THE BLOG
11/15/2013 08:06 am ET | Updated Jan 23, 2014

On Fracking, It's Time to Discuss Facts

In the past few years, the use of the technology of hydraulic fracturing to produce oil and natural gas has dominated national energy policy discussions. Much of the discourse has been fraught with fear, misunderstanding and, in some cases, misinformation. However, in some cases, dispute is slowly being replaced by reasoned debate, acceptance and increasingly responsible regulation and use of this technology.

The reason for the change of tone is rather simple, the increased use of this technology has allowed our nation to produce tremendous amounts of natural gas that is cleaning our environment and reinvigorating our communities and our national economy. At the same time, as more individuals gain experience with the process they are seeing that the worst case scenario's outlined by the most polarizing voices in this discussion have largely failed to materialize.

Of course as with any political discussion, some groups will continue to advance discussion points that fit their view or brings more donations to their particular cause. However as more credible voices and scientific data are unveiled, it's becoming easier to understand that the benefits of this technology far are significant and that the choice that is currently being offered to the public - economic development vs. maintaining a healthy environment - is a false one.

Take for example the following:

Under President Obama's Climate Action Plan, the Environmental Protection Agency (EPA) has for the past three years been closely monitoring greenhouse gas emissions from the nation's power plants, which account for 40 percent of the nation's carbon emissions. Just last week, EPA released its latest data which showed that heat trapping pollutants emitted by the nation's power plants have decreased by 10 percent due to the increasing utilization of natural gas. Moreover, this data point is just one statistic in a much larger trend. In fact, according to the International Energy Agency the United States is leading all developed nations in reducing our carbon footprint since 2006.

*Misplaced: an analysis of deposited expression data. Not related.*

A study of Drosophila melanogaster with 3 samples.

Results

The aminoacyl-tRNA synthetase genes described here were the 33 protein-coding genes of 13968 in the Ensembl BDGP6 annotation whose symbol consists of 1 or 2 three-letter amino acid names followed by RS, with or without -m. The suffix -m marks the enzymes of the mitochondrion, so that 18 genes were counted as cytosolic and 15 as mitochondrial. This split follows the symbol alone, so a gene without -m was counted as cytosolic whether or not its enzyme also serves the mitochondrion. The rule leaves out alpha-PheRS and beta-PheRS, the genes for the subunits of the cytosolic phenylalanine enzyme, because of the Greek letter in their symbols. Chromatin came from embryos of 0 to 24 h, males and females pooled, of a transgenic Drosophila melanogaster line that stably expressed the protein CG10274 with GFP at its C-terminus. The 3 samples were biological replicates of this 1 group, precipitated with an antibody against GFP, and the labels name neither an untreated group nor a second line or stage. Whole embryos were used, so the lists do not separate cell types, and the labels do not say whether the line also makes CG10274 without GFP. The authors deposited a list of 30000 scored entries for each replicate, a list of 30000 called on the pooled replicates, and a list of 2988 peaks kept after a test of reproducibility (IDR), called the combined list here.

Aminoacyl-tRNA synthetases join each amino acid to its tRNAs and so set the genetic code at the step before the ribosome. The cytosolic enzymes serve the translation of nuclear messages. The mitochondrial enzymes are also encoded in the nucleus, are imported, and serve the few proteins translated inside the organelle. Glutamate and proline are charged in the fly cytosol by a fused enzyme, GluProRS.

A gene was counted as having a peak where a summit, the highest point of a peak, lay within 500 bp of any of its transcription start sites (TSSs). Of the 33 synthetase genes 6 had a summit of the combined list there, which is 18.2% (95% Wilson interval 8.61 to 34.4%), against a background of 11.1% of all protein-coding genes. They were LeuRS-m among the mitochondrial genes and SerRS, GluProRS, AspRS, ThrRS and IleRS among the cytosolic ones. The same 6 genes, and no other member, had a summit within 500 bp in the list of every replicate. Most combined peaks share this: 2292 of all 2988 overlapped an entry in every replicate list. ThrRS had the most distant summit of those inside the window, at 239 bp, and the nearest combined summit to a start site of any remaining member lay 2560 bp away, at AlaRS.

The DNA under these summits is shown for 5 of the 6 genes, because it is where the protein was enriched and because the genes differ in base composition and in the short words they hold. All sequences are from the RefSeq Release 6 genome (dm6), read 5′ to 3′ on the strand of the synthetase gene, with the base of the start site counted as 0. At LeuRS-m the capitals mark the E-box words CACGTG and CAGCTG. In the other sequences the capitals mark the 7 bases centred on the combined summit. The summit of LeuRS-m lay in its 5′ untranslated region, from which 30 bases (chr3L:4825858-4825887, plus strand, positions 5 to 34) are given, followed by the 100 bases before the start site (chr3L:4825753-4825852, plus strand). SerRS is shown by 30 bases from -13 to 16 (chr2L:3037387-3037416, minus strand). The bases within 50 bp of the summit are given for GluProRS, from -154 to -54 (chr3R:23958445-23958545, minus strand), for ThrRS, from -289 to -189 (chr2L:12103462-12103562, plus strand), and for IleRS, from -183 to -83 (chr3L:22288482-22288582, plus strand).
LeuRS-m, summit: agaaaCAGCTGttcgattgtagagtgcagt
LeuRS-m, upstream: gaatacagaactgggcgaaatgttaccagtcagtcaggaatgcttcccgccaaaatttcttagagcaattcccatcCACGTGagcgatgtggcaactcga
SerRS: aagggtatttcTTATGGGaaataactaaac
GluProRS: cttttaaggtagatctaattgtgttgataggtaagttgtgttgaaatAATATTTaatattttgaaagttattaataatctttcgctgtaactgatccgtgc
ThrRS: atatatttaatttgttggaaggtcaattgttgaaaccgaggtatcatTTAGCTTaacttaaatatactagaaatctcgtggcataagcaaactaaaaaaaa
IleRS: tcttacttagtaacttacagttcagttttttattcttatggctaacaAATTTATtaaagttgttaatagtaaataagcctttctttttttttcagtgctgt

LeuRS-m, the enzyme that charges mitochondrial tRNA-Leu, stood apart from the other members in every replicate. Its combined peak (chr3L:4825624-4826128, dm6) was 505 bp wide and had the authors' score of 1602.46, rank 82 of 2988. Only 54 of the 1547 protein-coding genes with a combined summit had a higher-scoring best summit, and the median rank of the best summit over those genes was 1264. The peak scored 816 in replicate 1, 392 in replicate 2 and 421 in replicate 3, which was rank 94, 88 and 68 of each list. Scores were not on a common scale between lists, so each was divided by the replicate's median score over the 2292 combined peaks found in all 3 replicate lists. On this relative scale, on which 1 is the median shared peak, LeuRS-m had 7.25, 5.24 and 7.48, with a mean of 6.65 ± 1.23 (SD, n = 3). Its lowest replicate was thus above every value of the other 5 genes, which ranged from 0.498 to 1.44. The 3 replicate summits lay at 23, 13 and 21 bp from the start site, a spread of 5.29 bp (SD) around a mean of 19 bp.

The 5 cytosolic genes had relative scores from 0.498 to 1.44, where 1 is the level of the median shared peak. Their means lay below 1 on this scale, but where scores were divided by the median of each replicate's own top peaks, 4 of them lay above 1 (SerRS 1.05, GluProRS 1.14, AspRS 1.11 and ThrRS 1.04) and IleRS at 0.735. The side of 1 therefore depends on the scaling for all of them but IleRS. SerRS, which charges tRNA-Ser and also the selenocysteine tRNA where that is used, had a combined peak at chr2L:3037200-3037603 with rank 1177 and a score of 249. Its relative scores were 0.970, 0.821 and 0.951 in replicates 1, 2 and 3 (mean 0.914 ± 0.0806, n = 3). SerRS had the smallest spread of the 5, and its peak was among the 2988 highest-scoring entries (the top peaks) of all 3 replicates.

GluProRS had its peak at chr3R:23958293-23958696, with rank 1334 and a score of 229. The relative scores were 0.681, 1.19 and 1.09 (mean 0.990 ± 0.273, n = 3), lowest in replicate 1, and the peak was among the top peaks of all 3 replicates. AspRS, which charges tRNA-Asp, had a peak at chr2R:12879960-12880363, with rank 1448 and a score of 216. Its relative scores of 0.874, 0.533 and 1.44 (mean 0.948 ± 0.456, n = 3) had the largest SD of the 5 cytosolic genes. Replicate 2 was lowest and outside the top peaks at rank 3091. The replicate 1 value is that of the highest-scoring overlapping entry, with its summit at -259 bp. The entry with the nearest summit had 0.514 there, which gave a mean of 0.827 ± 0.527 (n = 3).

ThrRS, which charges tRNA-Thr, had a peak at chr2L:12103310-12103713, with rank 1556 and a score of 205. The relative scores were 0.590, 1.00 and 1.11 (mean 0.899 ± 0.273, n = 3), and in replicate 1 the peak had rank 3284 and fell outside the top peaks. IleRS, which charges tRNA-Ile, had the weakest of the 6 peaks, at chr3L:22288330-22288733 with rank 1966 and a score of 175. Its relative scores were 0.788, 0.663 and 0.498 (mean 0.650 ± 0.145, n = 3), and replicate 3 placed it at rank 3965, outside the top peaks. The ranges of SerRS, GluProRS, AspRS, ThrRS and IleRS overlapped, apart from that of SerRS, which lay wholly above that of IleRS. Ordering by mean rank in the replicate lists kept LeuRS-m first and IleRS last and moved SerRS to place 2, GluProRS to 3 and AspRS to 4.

Of course, these reductions would be diminished if greenhouse gas emissions were growing in the nation's oil and natural gas fields. However, according to EPA estimates the exact opposite of this is occurring. Earlier this year, EPA found that tighter pollution controls has resulted in an annual decrease of 41.6 million metric tons of methane emissions from 1990 through 2010, or more than 850 million metric tons overall. However, it is important to keep in mind that natural gas production has surged by nearly 40 percent over the same time.

As increasing natural gas utilization is lowering carbon emissions, it is also breathing life into our struggling national economy. Take for example that in 2011 the oil and natural gas industry provided $545 billion to the U.S. economy in the form of capital expenditures, wages and dividend payments. This activity supported nine percent of all new jobs that year, according to the World Economic Forum.

But what does that mean exactly? For many American's in our nation's most rural and impoverished communities it means increased income and an opportunity at upward economic advancement. In a review conducted earlier this year, USA TODAYfound that increased oil and gas development grew personal income in small towns across the U.S. by 3.8 percent.

Meanwhile, the New York Timesnoted that western North Dakota, which overlies the Bakken Shale, leads the nation in upward income mobility. At the same time, affordable natural gas supplied by shale resource production has drawn 91 new manufacturing projects to the United States, representing $70 billion in potential investment and up to three million jobs.

Taken together, increased natural gas production is creating benefits that are improving the lives of American's of all backgrounds. For this reason, the practice has gained strong bi-partisan support. In fact, influential Democrats like California Governor Jerry Brown, Illinois Governor Pat Quinn and Colorado Governor John Hickenlooper have all made responsible shale development a key part of their governing agenda.

At the same time, due in part to these benefits, some of the technologies most vocal critics are now supporting the process and working with the natural gas industry. This was the focus of a recent Associated Press article which found that activists, and in some cases governors, who previously advocated for moratoriums are now working with the natural gas industry and are speaking about the environmental benefits of natural gas. In the words of one activist, "Tunnel vision isn't good. Realism is good."

It is important to understand that every energy source has an impact on the environment and, of course, natural gas is no exception. However, it is increasingly clear that our nation's shale revolution is improving our environment while bolstering our economy. With this in mind, we should avoid ideological talking points and continue to improve natural gas production while advancing its continued use in conjunction with an "all-of-the-above" energy portfolio.

Andrew Browning is a policy advisor for the Consumer Energy Alliance, a 501(c)4 organization whose funding members include energy consumers and producers including oil and gas companies.